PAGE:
Making "Borat 2" almost cost Sacha Baron Cohen his life.

Sacha Baron Cohen arrives at the 2019 Hollywood Foreign Press Association's Annual Grants Banquet at the Beverly Wilshire Beverly Hills on Wednesday, July 31, 2019. (Photo by Jordan Strauss/Invision/AP)

Sacha Baron Cohen

Jordan Strauss/Invision/AP

Sacha Baron Cohen has published an op-ed for Time magazine in which he details a few moments throughout his professional life where he’s feared for his life. One such moment occurred during the making of his film “Brunoduring a comedy stunt where Cohen, in character, made out with his opponent in an MMA fighting ring while in front of a homophobic crowd.

“In Arkansas, I posed as an ultimate fighter at a cage match and challenged anyone in the audience to take me on,” Cohen writes. “When my fake ex-boyfriend volunteered, we engaged in some heavy petting, triggering a near riot. The crowd—including some recently paroled prisoners with swastika tattoos—erupted in homophobic slurs and started hurling metal chairs at us. Had I not ducked into a trapdoor and out an escape tunnel, I think the crowd would have beaten me senseless.”

Cohen also feared for his life during the making of his “Borat” sequel, officially titled “Borat Subsequent Moviefilm: Delivery of Prodigious Bribe to American Regime for Make Benefit Once Glorious Nation of Kazakhstan.” Cohen made headlines over the summer when he showed up at a far-right rally in Washington and got attendees to sing a racist song with him, but what people didn’t see was the riot that broke out afterwards.

“When organizers finally stormed the stage, I rushed to a nearby get-away vehicle,” Cohen writes. “An angry crowd blocked our way and started pounding on the vehicle with their fists. Under my overalls, I was wearing a bulletproof vest, but it felt inadequate with some people outside toting semiautomatic weapons. When someone ripped open the door to drag me out, I used my entire body weight to pull the door back shut until our vehicle maneuvered free. I was fortunate to make it out in one piece. The next few weeks will determine whether America will be so lucky.”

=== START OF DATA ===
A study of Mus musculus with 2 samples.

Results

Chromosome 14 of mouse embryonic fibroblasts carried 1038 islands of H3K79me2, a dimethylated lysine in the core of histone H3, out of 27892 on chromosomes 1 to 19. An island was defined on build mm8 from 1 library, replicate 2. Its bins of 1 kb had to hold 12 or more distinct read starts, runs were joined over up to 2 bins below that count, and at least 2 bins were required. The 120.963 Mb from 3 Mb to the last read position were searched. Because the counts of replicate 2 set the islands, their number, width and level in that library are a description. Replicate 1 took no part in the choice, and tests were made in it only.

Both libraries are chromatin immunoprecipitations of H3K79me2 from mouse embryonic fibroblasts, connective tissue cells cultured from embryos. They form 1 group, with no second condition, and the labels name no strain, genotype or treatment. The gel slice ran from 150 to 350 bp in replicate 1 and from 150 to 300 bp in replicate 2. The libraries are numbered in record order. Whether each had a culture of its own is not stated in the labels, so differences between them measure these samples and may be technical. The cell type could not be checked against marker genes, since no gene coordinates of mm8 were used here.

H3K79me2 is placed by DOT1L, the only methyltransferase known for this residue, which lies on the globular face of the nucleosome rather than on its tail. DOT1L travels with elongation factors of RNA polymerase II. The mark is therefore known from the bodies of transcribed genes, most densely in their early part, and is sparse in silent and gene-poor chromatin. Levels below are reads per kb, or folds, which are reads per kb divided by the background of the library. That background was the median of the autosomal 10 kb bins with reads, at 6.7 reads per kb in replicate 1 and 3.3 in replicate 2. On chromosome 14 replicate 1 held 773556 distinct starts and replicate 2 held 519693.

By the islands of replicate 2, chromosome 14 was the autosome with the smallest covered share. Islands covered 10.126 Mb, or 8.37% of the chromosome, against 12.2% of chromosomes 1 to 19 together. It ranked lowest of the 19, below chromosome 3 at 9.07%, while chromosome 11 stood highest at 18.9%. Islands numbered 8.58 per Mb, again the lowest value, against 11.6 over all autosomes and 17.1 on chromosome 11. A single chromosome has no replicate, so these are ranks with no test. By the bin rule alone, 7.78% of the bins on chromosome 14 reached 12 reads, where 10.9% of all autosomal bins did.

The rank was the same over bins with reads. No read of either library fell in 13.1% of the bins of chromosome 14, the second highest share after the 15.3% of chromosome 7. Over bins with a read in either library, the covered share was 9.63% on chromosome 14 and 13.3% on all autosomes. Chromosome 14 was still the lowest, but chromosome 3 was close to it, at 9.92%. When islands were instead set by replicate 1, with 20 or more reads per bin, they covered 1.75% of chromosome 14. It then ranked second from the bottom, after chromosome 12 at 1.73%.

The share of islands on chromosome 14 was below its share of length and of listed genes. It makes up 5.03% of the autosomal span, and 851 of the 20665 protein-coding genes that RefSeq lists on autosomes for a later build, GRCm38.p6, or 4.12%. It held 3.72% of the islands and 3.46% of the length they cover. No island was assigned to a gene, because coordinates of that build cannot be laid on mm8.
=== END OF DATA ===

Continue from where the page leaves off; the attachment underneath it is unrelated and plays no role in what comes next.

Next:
Cohen adds that “moments like that are frightening. Today, though, I’m truly terrified—for the survival of democracy itself.” As the comedian notes, he is once again fearing for his life due to Donald Trump and Facebook. Cohen’s comments expanded on his viral 2019 keynote speech in which he called Facebook the “greatest propaganda machine in history.”

“Trump — who averages 23 lies a day and is the world’s greatest superspreader of coronavirus conspiracies — has caught the virus himself,” Cohen writes. “He has a dutiful ally in Facebook — the greatest propaganda machine in history. And this is a time when Americans are especially vulnerable to lies and conspiracies. This trifecta has created a whirlwind of conspiratorial madness.”

Cohen continues, “The Demagogue in Chief has a willing accomplice in Mark Zuckerberg’s Facebook — a megaphone that history’s worst autocrats could only dream of. Its algorithm deliberately amplifies content that generates more engagement…Not surprisingly, most days the top 10 Facebook posts are overwhelmingly from right-wing pundits and outlets.”

Head over to Time’s website to read Cohen’s op-ed in its entirety.